When It Comes to Eating Junk, Once in a While is Most of the Time

When I used to work in an office, I would listen to young parents talk about their school age children. A common concern of the parent was their children’s diet. Some expressed unease about the amount of junk food their children received in the classroom. On a student’s birthday, some mothers would bring in a cake or cupcakes for the entire class. At first, it seemed insignificant – after all, children only have one birthday a year. However, at some point, sugary snacks were served for every student’s birthday – including children whose birthdays occurred during the summer.

Eventually, it became a school issue. Many parents did not want their children constantly eating junk food. However, most parents saw nothing wrong with it, because, they believed that it only happened once in a while.

Recently, the Center for Disease Control and Prevention reported that nearly one in three children eat fast food every day. While that may surprise most people, I frankly believed it would be higher.

Beyond school birthday parties, snack food, junk food, fast food, and every other possible combination of bad food seems to be standard in the American diet. And, while we should emphasize nutrition in our children’s diet, the problem is shared by every age group.

Just think of our holidays, and the foods that we consume. During the fall and winter, we have Halloween, Thanksgiving, Christmas, and New Year. Super Bowl parties are ubiquitous. Valentine’s Day is a boom for the chocolate industry. In the spring and summer, we celebrate Easter or Passover, Memorial Day, the Fourth of July, and Labor Day.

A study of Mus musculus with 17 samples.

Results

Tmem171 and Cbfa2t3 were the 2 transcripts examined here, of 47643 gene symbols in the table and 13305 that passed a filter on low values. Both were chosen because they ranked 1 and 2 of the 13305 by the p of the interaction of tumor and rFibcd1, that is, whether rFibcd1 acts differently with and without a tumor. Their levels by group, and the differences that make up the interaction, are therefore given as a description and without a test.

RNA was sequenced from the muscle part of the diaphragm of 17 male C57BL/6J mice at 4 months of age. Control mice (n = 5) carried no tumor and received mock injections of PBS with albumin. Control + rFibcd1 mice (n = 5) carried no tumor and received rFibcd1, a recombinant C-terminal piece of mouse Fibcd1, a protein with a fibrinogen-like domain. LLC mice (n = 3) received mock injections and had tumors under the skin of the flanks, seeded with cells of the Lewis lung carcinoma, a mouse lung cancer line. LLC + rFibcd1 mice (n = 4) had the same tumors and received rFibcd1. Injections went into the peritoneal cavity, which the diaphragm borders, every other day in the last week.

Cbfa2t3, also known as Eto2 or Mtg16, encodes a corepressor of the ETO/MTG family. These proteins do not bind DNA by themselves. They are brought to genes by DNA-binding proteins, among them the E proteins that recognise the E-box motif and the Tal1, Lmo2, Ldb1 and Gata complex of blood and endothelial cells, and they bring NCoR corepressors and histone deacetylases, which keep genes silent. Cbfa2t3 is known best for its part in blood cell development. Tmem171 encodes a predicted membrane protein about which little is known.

Throw in other birthdays, anniversary parties, retirement parties, family reunions, social gatherings, block parties, fairs, amusement parks, neighborhood barbecues, church functions, picnics, sporting events, going to the movies, and even funerals. We devour cakes, cookies, potato chips, ice cream, pizza, popcorn, hoagies, donuts, and soda at most of these occasions.

Offices where I worked had pastries, cookies, donuts, pies, and cakes in the break area nearly every morning. Some employees’ breakfast consisted of two or three donuts washed down with a sugary soda.

Lunch proved no better as pizza, hoagies, pretzels, a bag of chips, French fries, and more soda was typical. True, a few people ate salads with their lunch. However, with the added bacon bits, ham slices, croutons, and cheese, all smothered in a fattening, high-sodium salad dressing, the few greens in the salad all but disappeared.

Add in sweet or salty snacks in the late morning, the mid-afternoon, after dinner, before bedtime, and even late-night. Favorite TV programs and sports events make us crave “munchies.” I see people snacking while driving, walking the mall, walking their dog, on a smartphone or tablet, and at the gym during a workout. You are probably even eating a snack as you read this – come on, don’t deny it!

The traditional menu of breakfast, lunch, and dinner is essentially disregarded by most Americans. A Nielsen study reported that over 90% of Americans eat between meals. We eat when we want, where we want, and whatever we want. We enjoy sweet goodies, salty treats, spicy snacks, and fatty, fried morsels all day long. We ignore the quality of the food that we eat, and consume the tasty, addictive snacks that delight our palate instead.

There is nothing wrong with an occasional snack. Even the healthiest people indulge themselves once in a while. However, for the general population, “once in a while” has turned into “most of the time,” even though few of us realize it.